How to Study Intersecting Processes of Mobilization in Different Social Spheres? a Comparison of Process Tracing and Sequences Analysis

Sunday, 10 July 2016: 09:36
Location: Hörsaal 18 (Juridicum)
Oral Presentation
Ana Carolina ALFINITO VIEIRA, Max Planck Institute for the Study of Societies, Germany
Sigrid QUACK, University Duisburg-Essen, Germany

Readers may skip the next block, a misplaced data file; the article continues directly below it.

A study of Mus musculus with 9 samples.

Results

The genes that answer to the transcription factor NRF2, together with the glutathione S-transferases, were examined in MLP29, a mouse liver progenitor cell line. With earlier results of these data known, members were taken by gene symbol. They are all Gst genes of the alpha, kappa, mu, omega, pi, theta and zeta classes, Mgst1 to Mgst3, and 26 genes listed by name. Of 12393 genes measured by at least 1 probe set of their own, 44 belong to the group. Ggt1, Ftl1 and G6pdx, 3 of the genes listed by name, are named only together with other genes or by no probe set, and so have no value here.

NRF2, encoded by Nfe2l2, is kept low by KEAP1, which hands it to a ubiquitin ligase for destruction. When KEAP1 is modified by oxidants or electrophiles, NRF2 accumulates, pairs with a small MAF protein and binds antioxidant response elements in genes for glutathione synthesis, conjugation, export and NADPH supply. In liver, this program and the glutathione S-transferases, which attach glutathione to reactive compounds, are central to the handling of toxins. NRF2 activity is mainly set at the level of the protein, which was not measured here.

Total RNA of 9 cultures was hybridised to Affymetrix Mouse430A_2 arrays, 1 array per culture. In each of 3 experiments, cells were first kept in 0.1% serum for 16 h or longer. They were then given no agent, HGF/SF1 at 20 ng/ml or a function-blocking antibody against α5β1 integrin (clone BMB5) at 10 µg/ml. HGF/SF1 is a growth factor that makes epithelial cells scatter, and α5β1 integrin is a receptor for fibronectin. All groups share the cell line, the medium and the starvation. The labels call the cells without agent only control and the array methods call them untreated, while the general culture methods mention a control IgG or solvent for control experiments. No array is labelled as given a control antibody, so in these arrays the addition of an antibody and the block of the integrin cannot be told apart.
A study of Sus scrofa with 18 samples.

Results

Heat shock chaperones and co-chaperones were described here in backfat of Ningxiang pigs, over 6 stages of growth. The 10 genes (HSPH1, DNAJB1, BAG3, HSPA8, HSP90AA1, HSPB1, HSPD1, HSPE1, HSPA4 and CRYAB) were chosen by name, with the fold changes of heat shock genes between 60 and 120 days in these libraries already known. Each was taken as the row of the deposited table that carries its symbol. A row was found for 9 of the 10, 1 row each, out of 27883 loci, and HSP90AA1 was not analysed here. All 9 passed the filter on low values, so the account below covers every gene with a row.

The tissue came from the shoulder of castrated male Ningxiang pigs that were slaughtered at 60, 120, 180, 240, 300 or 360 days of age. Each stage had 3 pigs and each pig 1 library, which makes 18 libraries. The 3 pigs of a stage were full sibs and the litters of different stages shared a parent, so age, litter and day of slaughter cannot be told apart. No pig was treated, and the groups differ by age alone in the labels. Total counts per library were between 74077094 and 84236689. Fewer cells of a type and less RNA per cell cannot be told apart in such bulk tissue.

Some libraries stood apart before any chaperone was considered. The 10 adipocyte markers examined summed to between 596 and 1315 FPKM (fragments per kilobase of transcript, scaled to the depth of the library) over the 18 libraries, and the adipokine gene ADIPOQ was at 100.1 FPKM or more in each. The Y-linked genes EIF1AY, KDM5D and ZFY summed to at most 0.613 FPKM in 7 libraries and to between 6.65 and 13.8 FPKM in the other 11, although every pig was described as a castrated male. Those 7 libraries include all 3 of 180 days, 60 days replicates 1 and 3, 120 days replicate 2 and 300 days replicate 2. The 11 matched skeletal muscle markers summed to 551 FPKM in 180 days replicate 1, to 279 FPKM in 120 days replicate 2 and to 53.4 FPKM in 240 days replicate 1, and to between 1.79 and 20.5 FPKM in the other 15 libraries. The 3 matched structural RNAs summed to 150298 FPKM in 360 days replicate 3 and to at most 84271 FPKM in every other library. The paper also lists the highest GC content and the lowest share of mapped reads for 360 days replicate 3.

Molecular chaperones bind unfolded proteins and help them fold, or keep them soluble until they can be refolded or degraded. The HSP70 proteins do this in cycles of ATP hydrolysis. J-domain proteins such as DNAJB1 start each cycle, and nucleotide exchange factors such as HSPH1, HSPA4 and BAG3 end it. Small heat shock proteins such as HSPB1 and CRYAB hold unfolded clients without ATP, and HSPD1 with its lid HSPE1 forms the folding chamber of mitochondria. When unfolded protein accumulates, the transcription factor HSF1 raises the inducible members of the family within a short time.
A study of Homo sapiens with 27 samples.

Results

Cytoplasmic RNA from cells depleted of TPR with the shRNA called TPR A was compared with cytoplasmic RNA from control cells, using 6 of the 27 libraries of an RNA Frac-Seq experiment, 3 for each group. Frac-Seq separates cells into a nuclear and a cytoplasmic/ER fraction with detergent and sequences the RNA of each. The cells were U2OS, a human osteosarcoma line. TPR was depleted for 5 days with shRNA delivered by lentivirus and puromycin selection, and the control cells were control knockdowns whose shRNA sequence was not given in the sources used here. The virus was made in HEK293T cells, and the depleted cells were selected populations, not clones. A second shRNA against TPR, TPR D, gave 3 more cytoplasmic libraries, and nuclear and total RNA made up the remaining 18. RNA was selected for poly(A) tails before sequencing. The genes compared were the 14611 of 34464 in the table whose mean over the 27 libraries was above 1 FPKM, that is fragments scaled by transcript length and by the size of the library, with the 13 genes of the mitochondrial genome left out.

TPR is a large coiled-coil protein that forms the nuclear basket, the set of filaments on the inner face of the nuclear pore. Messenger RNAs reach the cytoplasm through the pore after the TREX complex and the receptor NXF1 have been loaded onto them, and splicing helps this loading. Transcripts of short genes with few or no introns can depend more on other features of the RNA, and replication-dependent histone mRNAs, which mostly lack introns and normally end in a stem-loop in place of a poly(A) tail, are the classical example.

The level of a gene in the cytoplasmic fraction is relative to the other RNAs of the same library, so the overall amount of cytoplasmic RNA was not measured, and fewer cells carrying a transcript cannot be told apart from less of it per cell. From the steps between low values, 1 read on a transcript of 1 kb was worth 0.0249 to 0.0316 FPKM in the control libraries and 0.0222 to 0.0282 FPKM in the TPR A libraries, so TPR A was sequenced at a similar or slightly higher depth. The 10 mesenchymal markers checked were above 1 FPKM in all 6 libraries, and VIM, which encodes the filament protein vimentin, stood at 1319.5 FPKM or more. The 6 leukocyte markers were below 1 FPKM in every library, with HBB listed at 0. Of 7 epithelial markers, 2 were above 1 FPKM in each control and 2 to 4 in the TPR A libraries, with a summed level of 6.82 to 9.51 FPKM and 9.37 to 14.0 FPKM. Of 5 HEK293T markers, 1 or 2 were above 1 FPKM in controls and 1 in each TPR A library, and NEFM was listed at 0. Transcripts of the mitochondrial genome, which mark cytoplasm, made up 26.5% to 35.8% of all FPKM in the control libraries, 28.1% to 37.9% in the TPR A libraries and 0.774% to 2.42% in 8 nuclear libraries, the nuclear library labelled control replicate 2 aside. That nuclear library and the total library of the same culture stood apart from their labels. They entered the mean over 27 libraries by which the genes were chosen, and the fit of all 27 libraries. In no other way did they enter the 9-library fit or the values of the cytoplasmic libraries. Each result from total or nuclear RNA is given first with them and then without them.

Recently, many scholars in the social sciences have emphasized the importance of time and process to understanding society. However, in an ever more complex world undergoing globalization and differentiation, a renewed emphasis on process creates conceptual, methodological and empirical challenges. How are we to conceptualize and study phenomena such as mobilization in transnational activist networks that shift between and span across different places and scales? How can we analyze institutional change that is brought about by overlapping processes of subnational and national contestation? Such phenomena are often addressed through the concept of multi-level analysis, applied in a quantitative or qualitative manner. The multi-level approach, however, has its shortcomings because it tends to assume a hierarchical form of social organization, suggests a separation between social spheres and neglects interaction effects. In this paper, we propose that it might be more useful to think of processes cutting across different social spheres without assuming hierarchy and separation between them. The purpose of the paper is threefold: Theoretically, we critically asses the multi-level concept contrasting it with the concept of “social fields” and “social worlds”. Methodologically, we introduce two methods used in the social sciences to analyze social phenomena over time and discuss how they can be used to capture overlapping and intersecting processes: historical process tracing (frequently used in political sociology) and sequence analysis (common in life course and career analysis). Empirically, we apply these concepts and methods to two illustrative examples drawn from indigenous mobilization over land tenure in Brazil.